Ninety-four years ago today, painter Louis Beroud walked into the Louvre to study the effect of the new glass pane covering the Mona Lisa, and was shocked to discover the painting was missing.

The painting had actually been stolen the morning before, but everyone had assumed that it has been taken down to be photographed by the museum's photographer. When the painting was still not back the next day, the theft was discovered.

For over two years, all the world wondered about the fate of the Mona Lisa. Finally, it was recovered when the thief, an Italian named Vincenzo Perugia, attempted to sell the painting to a gallery in Italy. Perugia had stolen the painting on behalf of another man, the mastermind Eduardo de Valfierno, who had promised to pay him handsomely for it. Instead, the mastermind had also hired a forger to create six unimpeachable copies of the painting. Once Perugia had stolen the painting, the mastermind took a ship to America, where he sold the six copies to six different, anonymous rich businessmen, all of whom were convinced they were secretly buying the one true painting.

(Interestingly enough, today is also the anniversary of last year's theft of The Scream by Munch, stolen at gunpoint from the Munch Museum in Oslo, Norway. Say what you will about Perugia, but his theft showed a lot more style.)

Reference:
The Day They Stole the Mona Lisa by Seymour Reit (out of print, but available in many libraries)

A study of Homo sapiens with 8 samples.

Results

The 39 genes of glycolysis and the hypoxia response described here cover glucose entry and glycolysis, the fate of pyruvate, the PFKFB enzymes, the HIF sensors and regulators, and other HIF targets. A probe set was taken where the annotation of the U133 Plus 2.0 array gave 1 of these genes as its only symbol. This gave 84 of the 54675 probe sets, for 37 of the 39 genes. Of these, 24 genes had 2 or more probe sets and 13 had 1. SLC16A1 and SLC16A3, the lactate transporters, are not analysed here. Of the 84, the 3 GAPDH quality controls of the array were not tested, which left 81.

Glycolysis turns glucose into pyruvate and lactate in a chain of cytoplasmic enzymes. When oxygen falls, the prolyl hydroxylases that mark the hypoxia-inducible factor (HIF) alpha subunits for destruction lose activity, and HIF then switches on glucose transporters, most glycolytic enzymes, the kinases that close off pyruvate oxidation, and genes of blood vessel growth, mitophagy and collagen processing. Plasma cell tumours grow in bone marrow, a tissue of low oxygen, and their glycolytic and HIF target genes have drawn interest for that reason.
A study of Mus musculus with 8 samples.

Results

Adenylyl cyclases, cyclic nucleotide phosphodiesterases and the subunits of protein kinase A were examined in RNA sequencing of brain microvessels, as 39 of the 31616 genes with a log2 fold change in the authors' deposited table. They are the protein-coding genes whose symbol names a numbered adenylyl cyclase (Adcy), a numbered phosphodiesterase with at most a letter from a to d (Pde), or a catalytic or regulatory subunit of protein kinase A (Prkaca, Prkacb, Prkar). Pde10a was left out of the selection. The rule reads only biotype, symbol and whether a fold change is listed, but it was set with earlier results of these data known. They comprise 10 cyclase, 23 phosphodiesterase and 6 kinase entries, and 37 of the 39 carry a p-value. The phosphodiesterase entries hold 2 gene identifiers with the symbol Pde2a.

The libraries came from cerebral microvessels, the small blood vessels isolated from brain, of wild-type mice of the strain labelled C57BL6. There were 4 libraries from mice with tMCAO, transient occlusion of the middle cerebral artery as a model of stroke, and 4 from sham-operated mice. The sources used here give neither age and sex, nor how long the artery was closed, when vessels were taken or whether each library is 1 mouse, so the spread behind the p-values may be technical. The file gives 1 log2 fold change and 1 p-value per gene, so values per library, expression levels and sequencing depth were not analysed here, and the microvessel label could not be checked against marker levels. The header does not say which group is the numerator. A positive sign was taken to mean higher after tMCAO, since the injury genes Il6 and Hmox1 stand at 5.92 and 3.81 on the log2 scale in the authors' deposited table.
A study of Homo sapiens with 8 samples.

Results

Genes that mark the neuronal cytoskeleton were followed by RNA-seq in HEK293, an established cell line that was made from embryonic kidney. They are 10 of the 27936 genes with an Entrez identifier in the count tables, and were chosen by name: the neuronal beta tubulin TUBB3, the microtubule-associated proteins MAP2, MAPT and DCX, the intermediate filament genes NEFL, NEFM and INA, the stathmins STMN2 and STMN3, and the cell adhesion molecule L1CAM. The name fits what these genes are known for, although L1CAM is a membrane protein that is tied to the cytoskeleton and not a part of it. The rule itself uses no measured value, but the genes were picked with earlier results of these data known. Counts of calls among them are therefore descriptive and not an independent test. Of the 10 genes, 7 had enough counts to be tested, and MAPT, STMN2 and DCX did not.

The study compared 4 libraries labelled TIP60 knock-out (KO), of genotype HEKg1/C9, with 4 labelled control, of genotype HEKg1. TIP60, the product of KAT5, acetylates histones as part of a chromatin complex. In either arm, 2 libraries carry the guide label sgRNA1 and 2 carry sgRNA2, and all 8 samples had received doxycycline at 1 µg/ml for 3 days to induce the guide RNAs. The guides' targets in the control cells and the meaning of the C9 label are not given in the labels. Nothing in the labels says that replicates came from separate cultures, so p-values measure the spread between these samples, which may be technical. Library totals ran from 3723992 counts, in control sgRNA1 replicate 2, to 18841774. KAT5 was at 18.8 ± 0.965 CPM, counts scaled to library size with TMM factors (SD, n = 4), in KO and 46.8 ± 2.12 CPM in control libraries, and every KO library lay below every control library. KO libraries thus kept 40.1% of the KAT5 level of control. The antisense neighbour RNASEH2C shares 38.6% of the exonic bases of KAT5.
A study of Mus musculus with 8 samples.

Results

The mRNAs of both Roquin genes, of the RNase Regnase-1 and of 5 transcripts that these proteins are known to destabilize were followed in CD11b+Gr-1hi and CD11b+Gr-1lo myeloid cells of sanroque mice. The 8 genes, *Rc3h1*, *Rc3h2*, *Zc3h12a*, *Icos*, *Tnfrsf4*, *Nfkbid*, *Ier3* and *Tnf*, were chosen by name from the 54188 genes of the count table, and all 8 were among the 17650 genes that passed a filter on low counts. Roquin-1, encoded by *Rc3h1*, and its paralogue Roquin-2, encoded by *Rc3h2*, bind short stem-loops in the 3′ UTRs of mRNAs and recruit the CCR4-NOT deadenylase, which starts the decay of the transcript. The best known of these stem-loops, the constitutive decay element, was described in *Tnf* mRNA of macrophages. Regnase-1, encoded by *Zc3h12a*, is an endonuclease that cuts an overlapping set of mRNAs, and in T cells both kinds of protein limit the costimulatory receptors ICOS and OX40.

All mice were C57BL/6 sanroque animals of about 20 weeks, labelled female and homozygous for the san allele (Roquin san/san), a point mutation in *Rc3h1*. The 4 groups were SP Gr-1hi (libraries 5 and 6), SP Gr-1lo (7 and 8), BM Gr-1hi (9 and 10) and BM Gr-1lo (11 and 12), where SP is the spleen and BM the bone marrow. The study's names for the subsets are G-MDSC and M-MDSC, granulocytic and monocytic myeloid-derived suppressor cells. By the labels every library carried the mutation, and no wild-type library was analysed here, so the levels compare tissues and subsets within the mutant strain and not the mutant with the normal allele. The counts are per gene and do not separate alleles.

Wow. I don't know how often I've run across the "Steal the Mona Lisa and sell multiple forged copies" plot and never realized until today that someone actually did it. Thank you.
The only time I ran across this plot was in the Doctor Who episode "City of Death."

I discovered the true story twice. The first was in an episode of the 1982-3 TV show Voyagers! called "Voyagers of the Titanic," which posited a businessman stealing the Mona Lisa from Perugia's basement. The voyagers have to save the painting from sinking with the Titanic and then return it to the basement, since it's still missing.

The second time was in WIlliam Goldman's book Which Lie Did I Tell? More Adventures in the Screen Trade. Goldman wanted to turn the story into a screenplay, and he even published in the book one scene that he wrote for it. (He never did turn it into a screenplay, or a movie for that matter.)
The only time I ran across this plot was in the Doctor Who episode "City of Death."
Indeed. I was going to say something about how five of the copies, plus the original in the Louvre, had "This is a fake" scrawled on the backs of them in felt tip, but then you went and ruined the joke. :)

"City of Death" will be released on DVD in North America and the UK in early November, by the way.